By far the best planet shows this month are put on by (respectively), Saturn and Jupiter as both gas giants come to opposition within 17 days of each other, each visible more-or-less all night long, rising as darkness falls, moving across the meridian soon after midnight and descending toward the west-southwest horizon at dawn.
The nearly full moon will be passing both planets, first Saturn on Aug. 20, then Jupiter the following night. Venus continues to struggle to gain altitude, remaining low in the western twilight after sunset. Mercury joins Venus during the final week of August, though it will be even lower to the horizon. Finally, Mars begins a sabbatical of sorts as it will be invisible during a more than three-month transition from the evening into the morning sky.
In our schedule, remember that when measuring the angular separation between two celestial objects, your clenched fist held at arm’s length measures roughly 10 degrees. Here, we present a schedule below which provides some of the best planet viewing times as well directing you as to where to look to see them.
Mercury is in superior conjunction on Aug. 1 and will have a very poor apparition during late August, in the western sky after sunset. This is its worst showing in 2021 for north temperate latitudes. The innermost planet climbs to only 9 degrees above the horizon at sunset and is 16 degrees to the lower right of Venus at month’s end. If you really want to try for it, use big binoculars and look due west about 30 minutes after sunset.
Venus continues to set about 90 minutes after the sun all month. Although its elongation from the sun is increasing, the angle between the ecliptic and the horizon is unfavorable for northern observers. The ecliptic’s slope is shallow at sunset at the beginning of August, and shallowest in September. So, from late June through October, Venus remains at the same altitude at sunset, just 15 to 17 degrees high (for observers around 40 degrees north latitude). What does change is Venus’s azimuth (its angular position relative to the horizon) at sunset, which moves from west to west-southwest during the course of August. On the evening of Aug. 10, about 45 minutes after sunset, look about 8 degrees above the western horizon for a 2.5-day old crescent moon and 6 degrees to its left you’ll see Venus.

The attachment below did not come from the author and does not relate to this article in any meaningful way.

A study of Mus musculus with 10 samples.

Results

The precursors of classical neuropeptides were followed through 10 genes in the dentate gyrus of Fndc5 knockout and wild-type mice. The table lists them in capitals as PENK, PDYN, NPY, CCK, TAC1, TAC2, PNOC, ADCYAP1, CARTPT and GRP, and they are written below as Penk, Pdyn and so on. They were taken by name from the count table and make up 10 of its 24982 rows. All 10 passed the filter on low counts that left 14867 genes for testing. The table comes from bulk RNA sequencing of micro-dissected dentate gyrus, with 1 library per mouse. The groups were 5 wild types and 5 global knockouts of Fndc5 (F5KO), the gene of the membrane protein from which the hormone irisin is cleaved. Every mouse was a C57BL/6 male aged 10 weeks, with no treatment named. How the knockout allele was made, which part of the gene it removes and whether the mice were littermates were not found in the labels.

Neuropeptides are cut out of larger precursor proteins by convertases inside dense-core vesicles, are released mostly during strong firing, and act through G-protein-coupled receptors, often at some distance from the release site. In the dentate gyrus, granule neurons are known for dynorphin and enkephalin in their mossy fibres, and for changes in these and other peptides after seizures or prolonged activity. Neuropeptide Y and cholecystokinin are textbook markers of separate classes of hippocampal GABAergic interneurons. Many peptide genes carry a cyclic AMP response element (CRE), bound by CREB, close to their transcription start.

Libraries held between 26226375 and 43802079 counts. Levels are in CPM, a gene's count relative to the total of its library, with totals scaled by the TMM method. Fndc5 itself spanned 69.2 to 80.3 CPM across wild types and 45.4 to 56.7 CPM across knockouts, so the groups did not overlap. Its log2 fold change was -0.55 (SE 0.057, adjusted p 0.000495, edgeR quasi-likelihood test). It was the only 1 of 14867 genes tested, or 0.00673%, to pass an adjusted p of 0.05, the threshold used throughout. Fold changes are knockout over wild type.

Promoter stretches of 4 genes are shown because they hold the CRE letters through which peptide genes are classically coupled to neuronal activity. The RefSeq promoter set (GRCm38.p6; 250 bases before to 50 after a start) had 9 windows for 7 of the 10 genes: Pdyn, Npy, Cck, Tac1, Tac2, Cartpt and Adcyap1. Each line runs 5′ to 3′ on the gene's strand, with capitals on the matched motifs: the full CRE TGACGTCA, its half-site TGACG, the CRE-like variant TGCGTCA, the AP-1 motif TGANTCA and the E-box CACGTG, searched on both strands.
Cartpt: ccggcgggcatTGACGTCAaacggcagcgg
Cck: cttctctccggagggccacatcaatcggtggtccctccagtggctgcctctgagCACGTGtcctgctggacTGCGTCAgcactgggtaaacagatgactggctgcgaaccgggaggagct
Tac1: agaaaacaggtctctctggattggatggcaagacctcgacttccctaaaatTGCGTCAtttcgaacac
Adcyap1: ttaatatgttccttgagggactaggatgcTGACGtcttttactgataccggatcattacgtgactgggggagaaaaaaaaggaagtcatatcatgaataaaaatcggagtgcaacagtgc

Mars becomes lost in the sun’s afterglow and is now out of sight until late November.
Jupiter is at opposition on Aug. 19, so it is visible whenever the sky is dark and highest around midnight. It now burns right on the border between Capricornus and Aquarius, and comes into view early in evening twilight, though it’s still rather low in the southeast. This big planet peaks at a powerful magnitude -2.9. In good telescopes its disk is readily apparent, perhaps displaying darkish belts, light zones, spots, garlands and festoons. Prominent all through the overnight hours, and hovering 5 degrees below Jupiter on Aug. 21 will be a virtually full moon.
Saturn is at opposition on Aug. 2, a yellow-white gem at magnitude +0.2. It shines low in the southeast when darkness falls, but it’s easy enough to spot — unless you are hemmed in by trees and buildings to the southeast and south. As the evening grows late it rises higher while creeping out toward the south. With the exception of Jupiter to its far left (east), it is located well away from anything of comparable brightness. Saturn’s rings and moons perform an eternal, slow motion circus act for telescopic observers. The rings are currently tilted 18 to 19 degrees from edge on, less than they have been since 2012. Look for Titan, the brightest moon, about four ring-lengths west of Saturn on Aug. 14 and 31, and east around Aug. 6 and Aug. 22. On Aug. 20, about an hour or so after sunset, look southeast to see a waxing gibbous moon, and standing 5 degrees directly above it will be Saturn.
Joe Rao serves as an instructor and guest lecturer at New York’s Hayden Planetarium. He writes about astronomy for Natural History magazine, the Farmers’ Almanac and other publications in New York’s lower Hudson Valley. Follow us on Twitter @Spacedotcom and on Facebook.